Washington: Secretary of State Mike Pompeo defended his push to have his department’s inspector general fired, saying he “should have done it some time ago,” but refused to explain his reasoning for recommending President Trump to remove Steve Linick from his job.
When pressed to explain why he lobbied to have the independent watchdog fired, Pompeo refused to elaborate, saying only that he would “share with the appropriate people.” He also said claims that he pushed for Linick’s ouster in retaliation for the watchdog’s probes into some of his activities and his use of the office are “patently false.”
Senator Bob Menendez, ranking Democrat on the Senate Foreign Relations Committee, and Chairman of the House Committee on Foreign Affairs, New York Rep. Eliot L. Engel, are investigating whether Linick’s dismissal was meant to shield Pompeo from oversight. They have given the administration until May 22 to turn over all records related to the firing.
On Wednesday, Pompeo ridiculed the investigations Linick was reportedly conducting.
Pompeo spoke a day after it emerged that Linick may have been looking into private, elite dinners the secretary has held in the sumptuous ceremonial rooms at the State Department.
Lawmakers have begun to look closely at these “Madison Dinners,” as Pompeo called them, and two sources tell CNN that Linick had recently asked the State Department protocol office about the semi-regular events.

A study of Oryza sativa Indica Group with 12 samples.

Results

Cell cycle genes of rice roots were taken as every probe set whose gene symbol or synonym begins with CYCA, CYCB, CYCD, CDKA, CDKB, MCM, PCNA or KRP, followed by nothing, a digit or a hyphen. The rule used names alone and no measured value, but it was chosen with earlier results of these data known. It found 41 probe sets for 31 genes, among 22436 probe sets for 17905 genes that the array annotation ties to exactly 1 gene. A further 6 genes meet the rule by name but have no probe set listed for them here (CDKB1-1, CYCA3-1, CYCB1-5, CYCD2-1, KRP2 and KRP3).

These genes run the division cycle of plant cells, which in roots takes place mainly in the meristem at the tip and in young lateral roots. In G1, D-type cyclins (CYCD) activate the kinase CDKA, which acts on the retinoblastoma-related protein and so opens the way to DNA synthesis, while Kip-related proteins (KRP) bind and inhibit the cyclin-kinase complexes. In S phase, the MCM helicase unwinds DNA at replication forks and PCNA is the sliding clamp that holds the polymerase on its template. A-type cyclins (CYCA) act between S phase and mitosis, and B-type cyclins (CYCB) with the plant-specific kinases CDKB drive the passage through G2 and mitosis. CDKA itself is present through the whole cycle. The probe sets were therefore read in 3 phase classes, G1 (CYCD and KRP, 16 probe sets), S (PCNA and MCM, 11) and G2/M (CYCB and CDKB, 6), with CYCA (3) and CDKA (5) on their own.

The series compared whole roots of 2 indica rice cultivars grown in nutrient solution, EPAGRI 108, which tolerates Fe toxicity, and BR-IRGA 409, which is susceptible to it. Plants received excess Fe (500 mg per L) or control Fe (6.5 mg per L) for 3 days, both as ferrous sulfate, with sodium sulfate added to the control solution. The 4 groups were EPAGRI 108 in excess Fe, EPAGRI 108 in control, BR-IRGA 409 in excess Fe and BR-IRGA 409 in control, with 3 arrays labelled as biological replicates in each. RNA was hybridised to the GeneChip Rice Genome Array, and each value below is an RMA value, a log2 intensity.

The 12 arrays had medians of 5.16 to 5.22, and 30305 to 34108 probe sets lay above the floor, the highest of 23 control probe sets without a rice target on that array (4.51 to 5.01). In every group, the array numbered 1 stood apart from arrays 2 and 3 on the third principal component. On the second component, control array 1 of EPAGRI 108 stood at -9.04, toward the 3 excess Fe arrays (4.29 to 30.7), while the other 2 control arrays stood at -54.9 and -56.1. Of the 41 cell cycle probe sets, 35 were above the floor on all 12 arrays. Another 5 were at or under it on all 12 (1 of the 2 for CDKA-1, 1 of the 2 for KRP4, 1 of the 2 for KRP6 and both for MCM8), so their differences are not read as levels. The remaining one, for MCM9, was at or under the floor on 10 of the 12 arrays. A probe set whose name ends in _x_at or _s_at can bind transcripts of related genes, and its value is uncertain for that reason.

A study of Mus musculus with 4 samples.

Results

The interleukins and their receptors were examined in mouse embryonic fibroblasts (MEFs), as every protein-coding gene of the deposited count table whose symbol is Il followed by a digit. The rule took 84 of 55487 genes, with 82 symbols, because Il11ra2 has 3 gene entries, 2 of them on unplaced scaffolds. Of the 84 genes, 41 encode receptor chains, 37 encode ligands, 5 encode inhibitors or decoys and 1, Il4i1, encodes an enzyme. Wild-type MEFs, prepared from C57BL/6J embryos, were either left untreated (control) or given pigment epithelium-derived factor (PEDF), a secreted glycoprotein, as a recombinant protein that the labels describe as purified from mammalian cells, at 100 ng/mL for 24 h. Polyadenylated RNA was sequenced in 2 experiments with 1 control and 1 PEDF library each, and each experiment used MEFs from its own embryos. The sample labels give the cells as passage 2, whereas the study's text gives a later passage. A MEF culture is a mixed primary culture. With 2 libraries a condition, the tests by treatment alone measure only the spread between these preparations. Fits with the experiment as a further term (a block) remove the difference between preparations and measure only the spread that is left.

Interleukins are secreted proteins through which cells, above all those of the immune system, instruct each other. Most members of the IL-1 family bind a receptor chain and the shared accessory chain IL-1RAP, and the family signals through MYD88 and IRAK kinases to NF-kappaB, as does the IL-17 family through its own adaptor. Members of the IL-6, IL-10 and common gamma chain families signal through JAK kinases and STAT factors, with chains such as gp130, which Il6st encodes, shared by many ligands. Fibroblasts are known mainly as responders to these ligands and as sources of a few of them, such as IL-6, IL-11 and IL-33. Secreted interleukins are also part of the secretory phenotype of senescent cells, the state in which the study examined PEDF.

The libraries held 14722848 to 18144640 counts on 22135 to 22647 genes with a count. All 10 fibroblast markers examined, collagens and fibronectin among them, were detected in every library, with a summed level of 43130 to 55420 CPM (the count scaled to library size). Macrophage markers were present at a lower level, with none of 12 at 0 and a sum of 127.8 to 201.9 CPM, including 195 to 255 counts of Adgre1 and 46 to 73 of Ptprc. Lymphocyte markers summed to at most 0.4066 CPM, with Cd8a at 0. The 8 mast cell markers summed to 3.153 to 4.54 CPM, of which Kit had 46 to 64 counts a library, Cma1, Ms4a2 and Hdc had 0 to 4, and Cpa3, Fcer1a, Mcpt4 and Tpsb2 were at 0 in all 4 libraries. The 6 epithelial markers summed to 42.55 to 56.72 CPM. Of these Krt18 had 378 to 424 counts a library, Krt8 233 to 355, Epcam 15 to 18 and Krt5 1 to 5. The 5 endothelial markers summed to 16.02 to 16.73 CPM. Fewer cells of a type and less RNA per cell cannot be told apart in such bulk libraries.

Linick, whose office is charged with investigating waste, fraud and abuse at the State Department, has also been investigating allegations that Pompeo used a political appointee for personal tasks such as dog walking and making restaurant reservations.
The IG was also reportedly looking into whether Pompeo broke rules when he declared an emergency last year that allowed the administration to fast track an $8 billion arms sales to Saudi Arabia and the United Arab Emirates for their war in Yemen over congressional objections.
Pompeo had refused to sit for an interview with the inspector general’s office as part of that investigation, a congressional aide told CNN.
Pompeo dismissed the idea that he fired Linick in an attempt to retaliate. “I didn’t know what was being investigated so I couldn’t retaliate,” he said.
Yet, Foreign Policy magazine observes that Pompeo is in no trouble, as “he has been especially adept at executing Trump’s agenda at the State Department—most recently as an attack dog in the war of words with China—so it’s unlikely Trump will sour on him.”